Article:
The greatest collapses in human history include the Romans, the Ancient Egyptians, Blockbuster when they decided not to buy Netflix, and the 2007 New York Mets. The 2021 Mets, however, are not among them.
I can understand why many will look at this year as a collapse. To me, a collapse needs to fall from a higher place. The team was never securely in first place. Even when they seemed to have a stranglehold on it for months, the Atlanta Braves and Philadelphia Phillies were always lurking.
Instead of a collapse, we should look at this season as a reality check. Their weaknesses caught up with them. What was going so well early on ran out.
The 2021 Mets didn’t collapse, they never had enough
Historians will study the 2021 Mets for centuries. Or maybe it’ll just be Mets bloggers for another few months. Either way, we’re going to have time to reflect on what happened to this club.
In case you forgot, the Mets were performing miracles early on this season. On the backs of Jacob deGrom, Marcus Stroman, and Taijuan Walker, they were somehow winning games with a below-average offense and a patchwork starting rotation.
The moment they could no longer rely on those three to pitch insanely well was the time when everything seemed to fall apart. The club was exposed. We watched on like voyeurs as things only seemed to get worse.
The line of demarcation really did come at the All-Star Break. Their poor play against the Pittsburgh Pirates opened up the floodgates. An injury to deGrom paired with the fall of Walker made their stay in first place impossible to maintain. It didn’t take long for them to drop to second place. Not much after, they were in third.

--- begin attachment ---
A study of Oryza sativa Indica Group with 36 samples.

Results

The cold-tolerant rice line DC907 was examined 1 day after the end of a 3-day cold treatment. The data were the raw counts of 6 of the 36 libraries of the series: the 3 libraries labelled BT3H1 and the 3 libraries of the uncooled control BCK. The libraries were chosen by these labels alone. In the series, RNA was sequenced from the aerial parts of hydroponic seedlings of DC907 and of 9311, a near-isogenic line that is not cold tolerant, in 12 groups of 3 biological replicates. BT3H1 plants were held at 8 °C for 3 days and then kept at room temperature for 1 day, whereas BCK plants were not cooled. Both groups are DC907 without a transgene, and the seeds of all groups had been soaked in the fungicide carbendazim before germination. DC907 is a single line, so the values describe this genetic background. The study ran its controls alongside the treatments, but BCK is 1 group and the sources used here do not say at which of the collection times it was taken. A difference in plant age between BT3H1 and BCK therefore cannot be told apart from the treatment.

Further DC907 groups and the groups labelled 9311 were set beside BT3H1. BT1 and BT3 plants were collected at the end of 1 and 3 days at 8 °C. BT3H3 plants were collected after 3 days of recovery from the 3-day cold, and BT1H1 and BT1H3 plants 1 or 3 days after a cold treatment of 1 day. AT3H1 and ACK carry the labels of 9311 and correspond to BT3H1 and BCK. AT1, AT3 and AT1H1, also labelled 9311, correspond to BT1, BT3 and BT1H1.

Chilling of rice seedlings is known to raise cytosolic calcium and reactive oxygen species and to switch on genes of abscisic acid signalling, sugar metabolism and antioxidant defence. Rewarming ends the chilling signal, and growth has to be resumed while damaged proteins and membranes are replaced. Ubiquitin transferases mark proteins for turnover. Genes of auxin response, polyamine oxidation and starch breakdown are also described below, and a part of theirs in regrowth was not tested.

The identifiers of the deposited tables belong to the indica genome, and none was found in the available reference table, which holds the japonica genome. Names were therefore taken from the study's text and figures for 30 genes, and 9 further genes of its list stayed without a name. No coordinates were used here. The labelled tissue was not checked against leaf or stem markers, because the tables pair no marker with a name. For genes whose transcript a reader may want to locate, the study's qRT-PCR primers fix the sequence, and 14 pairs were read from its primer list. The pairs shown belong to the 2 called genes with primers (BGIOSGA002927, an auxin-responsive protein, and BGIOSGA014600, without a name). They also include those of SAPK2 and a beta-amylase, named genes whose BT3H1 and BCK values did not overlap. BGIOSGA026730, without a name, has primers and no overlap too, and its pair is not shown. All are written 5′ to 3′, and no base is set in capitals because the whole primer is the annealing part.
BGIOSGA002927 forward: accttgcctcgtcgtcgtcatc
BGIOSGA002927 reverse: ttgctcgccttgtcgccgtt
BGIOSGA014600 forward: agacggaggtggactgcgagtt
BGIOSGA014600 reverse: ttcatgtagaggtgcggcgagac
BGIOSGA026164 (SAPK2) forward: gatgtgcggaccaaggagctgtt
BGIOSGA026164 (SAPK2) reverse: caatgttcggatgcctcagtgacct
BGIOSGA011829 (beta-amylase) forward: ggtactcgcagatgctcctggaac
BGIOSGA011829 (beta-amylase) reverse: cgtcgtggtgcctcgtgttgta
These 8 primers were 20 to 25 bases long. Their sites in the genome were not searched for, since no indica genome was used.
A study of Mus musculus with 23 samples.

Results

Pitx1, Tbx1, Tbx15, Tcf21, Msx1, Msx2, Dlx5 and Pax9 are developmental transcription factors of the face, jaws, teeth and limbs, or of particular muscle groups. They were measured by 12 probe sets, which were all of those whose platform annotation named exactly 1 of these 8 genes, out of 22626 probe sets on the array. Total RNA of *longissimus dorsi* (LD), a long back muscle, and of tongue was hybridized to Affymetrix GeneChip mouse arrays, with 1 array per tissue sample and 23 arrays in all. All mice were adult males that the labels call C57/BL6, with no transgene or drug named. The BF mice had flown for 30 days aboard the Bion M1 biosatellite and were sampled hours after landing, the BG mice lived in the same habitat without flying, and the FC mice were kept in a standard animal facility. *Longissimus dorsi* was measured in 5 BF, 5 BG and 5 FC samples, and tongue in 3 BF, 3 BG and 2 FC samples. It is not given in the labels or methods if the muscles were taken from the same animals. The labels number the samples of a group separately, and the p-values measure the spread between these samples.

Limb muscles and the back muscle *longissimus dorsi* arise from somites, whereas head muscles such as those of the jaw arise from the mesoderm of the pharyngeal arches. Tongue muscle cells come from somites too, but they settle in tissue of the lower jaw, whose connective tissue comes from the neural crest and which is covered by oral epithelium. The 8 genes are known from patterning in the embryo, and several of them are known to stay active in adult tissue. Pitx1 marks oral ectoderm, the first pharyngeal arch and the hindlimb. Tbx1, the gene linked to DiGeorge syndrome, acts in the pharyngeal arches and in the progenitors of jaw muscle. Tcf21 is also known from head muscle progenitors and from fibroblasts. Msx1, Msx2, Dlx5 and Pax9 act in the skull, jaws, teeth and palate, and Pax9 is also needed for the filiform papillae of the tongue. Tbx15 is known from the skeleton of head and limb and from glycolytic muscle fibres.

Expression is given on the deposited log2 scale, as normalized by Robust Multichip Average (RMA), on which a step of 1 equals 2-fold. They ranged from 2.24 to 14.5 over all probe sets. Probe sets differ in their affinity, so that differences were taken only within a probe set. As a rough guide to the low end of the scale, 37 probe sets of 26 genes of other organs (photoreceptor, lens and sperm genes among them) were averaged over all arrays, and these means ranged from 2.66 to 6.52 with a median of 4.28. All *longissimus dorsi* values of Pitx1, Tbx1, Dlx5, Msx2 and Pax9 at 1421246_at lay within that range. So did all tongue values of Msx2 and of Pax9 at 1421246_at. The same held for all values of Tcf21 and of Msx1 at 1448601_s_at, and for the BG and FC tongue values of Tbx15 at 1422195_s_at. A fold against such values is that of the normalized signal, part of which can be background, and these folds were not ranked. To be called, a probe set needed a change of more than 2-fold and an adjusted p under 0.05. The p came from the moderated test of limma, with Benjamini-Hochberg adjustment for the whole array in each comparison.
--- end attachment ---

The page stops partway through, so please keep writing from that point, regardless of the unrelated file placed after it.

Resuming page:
This 2021 team was a much more talented one on paper than anywhere else. Their performance, even when the standings suggested otherwise, never did match up with the cream of the crop in the league. Even with the understanding that offense struggled around baseball, particularly early on, the Mets were a weak team nobody had much business fearing.
The silver lining to this Mets season: it’s just one year
Learning from your mistakes is one of the most important virtues in life. I know when my wife says “leave me alone” that I know it means to go to a different room, maybe even change states for a little bit. I learned it the hard way just as the Mets will need to let reality sink in for them.
An understanding of exactly what they are is key for the club to have a positive takeaway from this year. And we all know how much they like to focus on the positive. Their most troubling moments of the season had a uniquely positive spin postgame from the players and manager. Rarely were they ever willing to admit the truth: the season wasn’t going the way they planned.
The Mets are not in a bad situation. They have money to spend, talented players under control, and a lot of nice-looking prospects nearing the big leagues in the next two seasons. It’s a favorable scenario. They just can’t get too complacent.